Having graduated from different faculties and programmes in different years, the three HKMUers, Jamie Lee Tsz-ching, Queenie Kwan Ching-man and Elvin Lau Yu-kit, have coincidentally returned to Hong Kong Metropolitan University (HKMU) for service. Despite staying in a familiar environment during their education and employment, the three graduates have never been bound by the comfort zone. With firm determination and acute awareness, they are able to forge ahead a new path towards success. Rooted in a solid soil for careers, the three HKMUers are able to fulfil their dream of education and the service spirit for our society. Let’s dive into their stories.

Elvin Lau Yu-kit:
Stepping into the frontline to face real-life challenges in the community

Since his secondary school days, Elvin has been a keen observer of social issues. It was only natural for him to take the Bachelor of Social Sciences with Honours in Applied Social Studies. On the question of career relevance, he jokingly commented, “There is no career path in this programme!” Nevertheless, the programme equips students with critical thinking skills and the ability to analyse social issues, which can be useful in a wide range of professions. He admitted that the subject related to social policy was the most rewarding: “We look at social issues from different perspectives, analyse their causes, and explore how to bring people together and mobilise the power of the community to help each other”. He has never wavered in his original passion of enrolling in the programme, aspiring to get more involved in the community and help more people.

Support for the disadvantaged to develop personal ambition

In pursuit of his vision, Elvin went out into the community and participated in the “Best Wishes to the Elderly: Life Education Programme” through the Student Affairs Office to fulfil the aspirations of the disadvantaged elderly. He used to serve a widowed grandmother who suffers from cognitive impairment, which makes communication difficult. At first, he found it hard to comfort her: “She kept recounting her late husband’s past, but I decided to listen attentively instead of forcing her to continue the conversation”. The only wish of this grandmother was to have dim sum and a walk in the park, and Elvin accompanied her along the way: “Seeing her happy makes me feel the same way. I kept reflecting on how to discuss life and death with the elderly, and realised that I had to experience it myself before I knew how to communicate with them through encouragement and with empathy.” He joined the Hong Kong St. John Ambulance team back in junior secondary school, and has been volunteering to serve others. “The biggest inspiration from the programme is to know the direction I want to take in helping others”, he added.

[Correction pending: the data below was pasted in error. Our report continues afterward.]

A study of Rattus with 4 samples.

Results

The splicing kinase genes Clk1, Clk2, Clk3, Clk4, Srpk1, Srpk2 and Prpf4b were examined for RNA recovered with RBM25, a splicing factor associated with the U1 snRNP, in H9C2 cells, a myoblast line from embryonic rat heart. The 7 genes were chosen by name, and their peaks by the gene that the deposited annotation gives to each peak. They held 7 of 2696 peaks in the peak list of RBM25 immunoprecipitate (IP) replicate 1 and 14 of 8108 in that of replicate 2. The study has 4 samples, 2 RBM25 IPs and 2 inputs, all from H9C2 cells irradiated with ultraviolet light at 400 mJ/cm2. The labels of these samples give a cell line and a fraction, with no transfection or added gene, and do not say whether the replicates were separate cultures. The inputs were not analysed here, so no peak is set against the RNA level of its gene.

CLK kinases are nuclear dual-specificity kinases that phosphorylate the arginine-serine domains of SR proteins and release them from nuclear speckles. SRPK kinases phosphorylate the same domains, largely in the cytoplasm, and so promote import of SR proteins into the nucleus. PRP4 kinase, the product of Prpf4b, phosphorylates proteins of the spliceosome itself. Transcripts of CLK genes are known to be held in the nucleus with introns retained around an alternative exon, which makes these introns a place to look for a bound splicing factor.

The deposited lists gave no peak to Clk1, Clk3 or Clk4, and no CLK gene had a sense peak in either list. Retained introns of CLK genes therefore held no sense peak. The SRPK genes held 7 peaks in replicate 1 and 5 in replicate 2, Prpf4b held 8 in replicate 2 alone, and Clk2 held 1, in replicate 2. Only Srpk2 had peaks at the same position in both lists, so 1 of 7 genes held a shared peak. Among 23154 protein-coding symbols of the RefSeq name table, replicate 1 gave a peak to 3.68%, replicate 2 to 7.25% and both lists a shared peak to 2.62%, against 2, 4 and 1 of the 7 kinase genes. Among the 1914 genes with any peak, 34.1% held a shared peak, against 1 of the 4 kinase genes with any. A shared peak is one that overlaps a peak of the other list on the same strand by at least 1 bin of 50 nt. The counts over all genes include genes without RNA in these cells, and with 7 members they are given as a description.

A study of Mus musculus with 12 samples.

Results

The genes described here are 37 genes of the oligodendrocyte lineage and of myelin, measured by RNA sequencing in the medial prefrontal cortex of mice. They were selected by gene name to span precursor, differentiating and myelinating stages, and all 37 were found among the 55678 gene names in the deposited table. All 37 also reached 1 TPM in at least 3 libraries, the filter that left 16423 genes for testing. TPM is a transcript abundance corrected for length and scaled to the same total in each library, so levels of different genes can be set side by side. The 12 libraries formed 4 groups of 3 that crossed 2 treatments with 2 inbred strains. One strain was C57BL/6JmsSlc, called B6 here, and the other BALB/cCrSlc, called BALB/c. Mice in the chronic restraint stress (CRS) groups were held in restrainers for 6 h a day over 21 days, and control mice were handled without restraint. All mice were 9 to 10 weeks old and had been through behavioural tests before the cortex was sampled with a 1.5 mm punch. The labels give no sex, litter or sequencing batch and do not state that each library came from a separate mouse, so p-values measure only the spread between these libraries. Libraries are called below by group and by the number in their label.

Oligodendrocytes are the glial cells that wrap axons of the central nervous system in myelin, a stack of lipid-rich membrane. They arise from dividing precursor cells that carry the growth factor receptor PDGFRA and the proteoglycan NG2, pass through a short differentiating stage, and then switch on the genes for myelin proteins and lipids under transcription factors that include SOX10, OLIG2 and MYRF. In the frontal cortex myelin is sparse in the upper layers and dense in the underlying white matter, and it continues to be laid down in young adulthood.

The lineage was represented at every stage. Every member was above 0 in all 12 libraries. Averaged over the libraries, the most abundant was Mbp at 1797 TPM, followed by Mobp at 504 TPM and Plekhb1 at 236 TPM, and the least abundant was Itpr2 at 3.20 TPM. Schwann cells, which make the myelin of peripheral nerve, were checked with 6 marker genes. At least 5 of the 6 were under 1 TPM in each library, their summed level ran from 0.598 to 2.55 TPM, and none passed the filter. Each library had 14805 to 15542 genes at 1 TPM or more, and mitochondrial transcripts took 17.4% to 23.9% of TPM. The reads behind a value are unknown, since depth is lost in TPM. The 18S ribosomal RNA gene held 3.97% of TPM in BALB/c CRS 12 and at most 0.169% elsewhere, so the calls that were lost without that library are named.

Graduating in the midst of the pandemic, his job prospects were in limbo. However, he came across the recruitment of an Assistant Student Affairs Officer at HKMU: “The responsibility of leading students in volunteering work is exactly what I expected.” In the past one and a half years since his employment, he led a number of activities that manifested his vision, one of which was about life and death education. The idea was extended from the above programme in which he participated, arranging for students to support the elderly in taking their last photographs and creating a life book in preparation for their farewells. In response to the enthusiasm of the participants and the public, he said, “Not only did the programme inspire students to serve the community, but I also joined the frontline to assist two groups of participants at the same time, which benefited me in thinking about elderly services from a different perspective”.

Tailoring activities to promote a sense of belonging

His leadership skills in leading students into the society also stemmed from HKMU. Elected as the President of the Students' Union in 2020, he was given the opportunity to reflect students’ voices on the governance platform, which was a valuable real-world experience despite its internal nature: “I had to fulfil my responsibilities as a student representative in meetings with senior management of the University. It was very challenging to manage the relationship between the two sides, and I have improved my communication skills a lot”. One of the key challenges was the renaming of the University in 2021, when he had to express students’ dissent, despite the dissatisfaction of some students with his performance. “I could only endure the pressure and do what I could, which honed my resilience to stress”.

Elvin admitted to feeling “disdainful” towards HKMU in the early days, but the misconception was dispelled as he realised that there was more to it than meets the eye and he thanked the University for giving him the opportunity to explore. Returning to serve his alma mater as a dissident back in the day, he said, “It feels amazing! Now that I have changed my identity, I can think about what I can do more for the University and the students”. Apart from his role as a former student and staff member, Elvin is also an alumnus and a senior. “My strength is to know students' thinking and expectations, and that I can bring out the best in them”, he said. He has conceived activities that release students’ creativity, and encourage them to share the ideas and learn from the experience. The successful results will in turn strengthen the students’ sense of belonging, as he expressed his hope that “volunteering will become a signature tradition of HKMU, thus fostering a sense of belonging among the students”.